Steve Bass's Home Office: Tips, Tricks, and Cool UtilitiesA tool for Word, a utility for long URLs, and new time-wasters.
The last three newsletters have been kind of grim, with spyware, malware, and other nefarious stuff. I promise that this week and next won't be so bleak.
What I have for you are a bunch of oddball tips--things that don't fit any specific theme, but will boost your home-office productivity and maybe catch your fancy.
Word Saves Word
If you're working from home, I can't imagine you have an IT department taking care of your backups. So when was the last time you saved Word's preferences and options, custom dictionaries and templates, and AutoCorrect lists? Aha, that's what I thought. Microsoft will store these files on its server, free of charge. Microsoft provides a cool little utility--the Save My Settings Wizard--that lets you save your critical Office settings and store them via the Internet. If you somehow lose the files, you can use the wizard to restore them. Better yet, use the process to download and use the files on another computer. (If you have Office XP, you don't need to download this--the wizard's built in.) To get the free Office 2000 Save My Settings Wizard, swing by Microsoft's site.
I suspect you've viewed many of the Shockwave animations I've offered you, the ones so perfect for wasting time and missing deadlines. One of the mysteries of computing life is what happens to Shockwave files after they've been viewed. They reside on the hard drive, in the Internet Cache folder--and when this folder gets too large, Windows empties it.
If you know how, you can decrease your productivity even further and preserve your Shockwave files for constant replaying. (Hey, being able to get away with these diversions is why you're working at home, right?) Scott Spanbauer, our crackerjack Internet Tips guy, tells you how in "Capture Shockwave Files."
One thing Scott didn't mention in his tip was that you can also save video files--.avi,.mpg,.mov, and others--using the same technique.
Use Scott's trick on an amazingly cool SWF animation: "Hoogerbrugge and Wiggle Present Flow." (FYI: SWF is a neat file format used by Macromedia Flash to deliver graphics, animation, and sound over the Internet without requiring a special plug-in.).
Dig this: Have a minute or two for a really kick-ass Web site? XDude (yeah, really) sure knows how to use Macromedia Flash. Start at XDude's Knowledge Emporium, where you can watch "The Dough," XDude's encounter with the Canadian Banking Industry. It's funny (and a tad long), and I hope you pay attention to XDude's creativity and programming skills. Then look at his phenomenal promo for the movie Any Given Sunday.
URL Clean-Up Tool
Some of the cooler utilities I run into are small, unobtrusive gems, things that become part of my personal arsenal for working smarter. Dozens of times a day I find myself cutting a lengthy URL and pasting it into my browser. I know, most times I can just click the link. But sometimes it's a real hassle--say, when a link is in e-mail and it's broken into four lines.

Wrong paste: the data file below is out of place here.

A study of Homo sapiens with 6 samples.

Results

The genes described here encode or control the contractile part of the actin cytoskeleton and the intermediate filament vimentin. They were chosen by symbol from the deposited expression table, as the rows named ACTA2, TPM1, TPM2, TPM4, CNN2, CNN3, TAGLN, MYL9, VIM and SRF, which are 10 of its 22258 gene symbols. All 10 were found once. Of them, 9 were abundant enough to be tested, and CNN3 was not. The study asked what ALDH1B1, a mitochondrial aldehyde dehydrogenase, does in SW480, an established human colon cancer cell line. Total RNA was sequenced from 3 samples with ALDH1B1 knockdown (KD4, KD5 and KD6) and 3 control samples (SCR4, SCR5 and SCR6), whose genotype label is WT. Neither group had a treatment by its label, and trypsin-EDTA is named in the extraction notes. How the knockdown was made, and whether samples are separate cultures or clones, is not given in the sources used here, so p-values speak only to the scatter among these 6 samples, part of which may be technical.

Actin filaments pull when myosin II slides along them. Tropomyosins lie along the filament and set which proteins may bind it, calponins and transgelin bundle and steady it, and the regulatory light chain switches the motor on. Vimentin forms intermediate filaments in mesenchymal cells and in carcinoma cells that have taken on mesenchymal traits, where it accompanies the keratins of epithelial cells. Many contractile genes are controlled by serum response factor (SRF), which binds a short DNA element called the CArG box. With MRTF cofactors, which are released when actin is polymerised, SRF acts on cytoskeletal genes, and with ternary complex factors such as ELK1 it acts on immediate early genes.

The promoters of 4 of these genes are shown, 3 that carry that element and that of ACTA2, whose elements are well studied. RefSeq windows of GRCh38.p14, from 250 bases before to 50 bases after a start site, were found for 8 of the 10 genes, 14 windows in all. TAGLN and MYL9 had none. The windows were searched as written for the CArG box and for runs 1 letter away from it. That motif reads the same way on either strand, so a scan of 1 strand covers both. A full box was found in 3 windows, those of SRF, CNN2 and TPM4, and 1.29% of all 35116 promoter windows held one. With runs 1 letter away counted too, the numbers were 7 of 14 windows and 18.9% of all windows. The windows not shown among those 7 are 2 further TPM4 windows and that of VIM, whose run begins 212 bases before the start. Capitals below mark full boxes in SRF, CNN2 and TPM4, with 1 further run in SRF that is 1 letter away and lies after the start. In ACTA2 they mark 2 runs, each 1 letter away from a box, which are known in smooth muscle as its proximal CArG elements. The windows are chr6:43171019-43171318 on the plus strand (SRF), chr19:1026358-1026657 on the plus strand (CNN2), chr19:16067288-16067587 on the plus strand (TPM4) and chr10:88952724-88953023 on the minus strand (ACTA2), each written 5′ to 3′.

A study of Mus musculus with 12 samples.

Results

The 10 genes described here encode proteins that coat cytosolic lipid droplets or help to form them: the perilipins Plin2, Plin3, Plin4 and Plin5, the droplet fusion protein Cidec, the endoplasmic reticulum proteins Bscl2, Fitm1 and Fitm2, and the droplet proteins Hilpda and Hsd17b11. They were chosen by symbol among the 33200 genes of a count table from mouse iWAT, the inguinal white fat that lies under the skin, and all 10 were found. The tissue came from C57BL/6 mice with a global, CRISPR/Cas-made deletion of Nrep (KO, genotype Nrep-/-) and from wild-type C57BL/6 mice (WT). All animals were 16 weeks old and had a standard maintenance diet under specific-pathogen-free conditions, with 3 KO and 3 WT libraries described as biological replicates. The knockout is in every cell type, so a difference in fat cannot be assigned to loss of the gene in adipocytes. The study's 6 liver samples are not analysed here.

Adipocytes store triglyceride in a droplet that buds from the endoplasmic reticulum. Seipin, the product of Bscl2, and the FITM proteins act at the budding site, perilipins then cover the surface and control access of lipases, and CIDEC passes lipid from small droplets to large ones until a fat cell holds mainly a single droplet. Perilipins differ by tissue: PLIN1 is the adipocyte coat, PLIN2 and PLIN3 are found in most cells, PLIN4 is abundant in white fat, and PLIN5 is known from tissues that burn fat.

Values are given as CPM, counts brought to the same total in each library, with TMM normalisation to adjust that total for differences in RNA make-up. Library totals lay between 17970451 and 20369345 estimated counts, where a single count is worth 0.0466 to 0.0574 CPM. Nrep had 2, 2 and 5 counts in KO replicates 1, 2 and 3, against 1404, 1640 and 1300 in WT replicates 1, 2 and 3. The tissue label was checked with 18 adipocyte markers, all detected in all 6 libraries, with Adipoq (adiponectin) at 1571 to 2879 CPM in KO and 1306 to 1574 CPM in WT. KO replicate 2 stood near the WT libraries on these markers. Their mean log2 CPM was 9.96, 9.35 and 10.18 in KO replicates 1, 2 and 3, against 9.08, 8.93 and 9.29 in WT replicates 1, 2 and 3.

My secret weapon is URLRun, a tiny, free utility. URLRun needs no installation: Just download and unzip it, and stick it in the Windows folder. You can leave it on the desktop if you want; I right-clicked it and dragged it over to the Quick Launch portion of my task bar, dropped it, and created a shortcut. No matter what program you're using, just highlight a URL and copy it. Then click on URLRun and it takes the URL (it's in the clipboard, remember?), strips spaces and pesky > signs, and sticks the better-than-new URL into Internet Explorer's Address field. If IE's not running, URLRun opens the browser and brings you right to the page.
If you're using Outlook, you'll want to check out the free plug-in version.
Fair warning: Try this for a week before you shrug it off as useless. If you work like I do, you'll soon find it essential--I promise.
Where's My Money?
Have you ever bought something just because there's a rebate--even if you didn't need it? (No, don't try denying it; if I've done it, I know you have.) Instead of sitting and wondering when the rebate check will arrive, try checking the Rebate Center. You won't see every rebate here, but if it is listed, you can follow your check's progress.
Dig this: Despite stories about the release of WordStar 2003 for XP (they're not true, so stop furrowing your brow), I'm still stuck using Word. But WS was an extraordinary word processing program, and some of us still use it. Stephen Manes, the curmudgeon inside the back cover of PC World magazine, not only used WordStar, he also co-wrote the infamous UnderGround WordStar in 1983.
What, you didn't think Manes was that old? Read his "A Brief Personal History of PC Bugs."
The Ice Age Cometh
Before I close--and with my editor's indulgence--I just have to sneak in some dramatic images of the recent breakup of ice shelves around the Antarctic Peninsula, which produced Rhode Island-size icebergs (with thanks to Chuck K.). If you have time to lounge around, check out the Society to End the Holocene Myth Web site, then visit this National Snow and Ice Data Center page.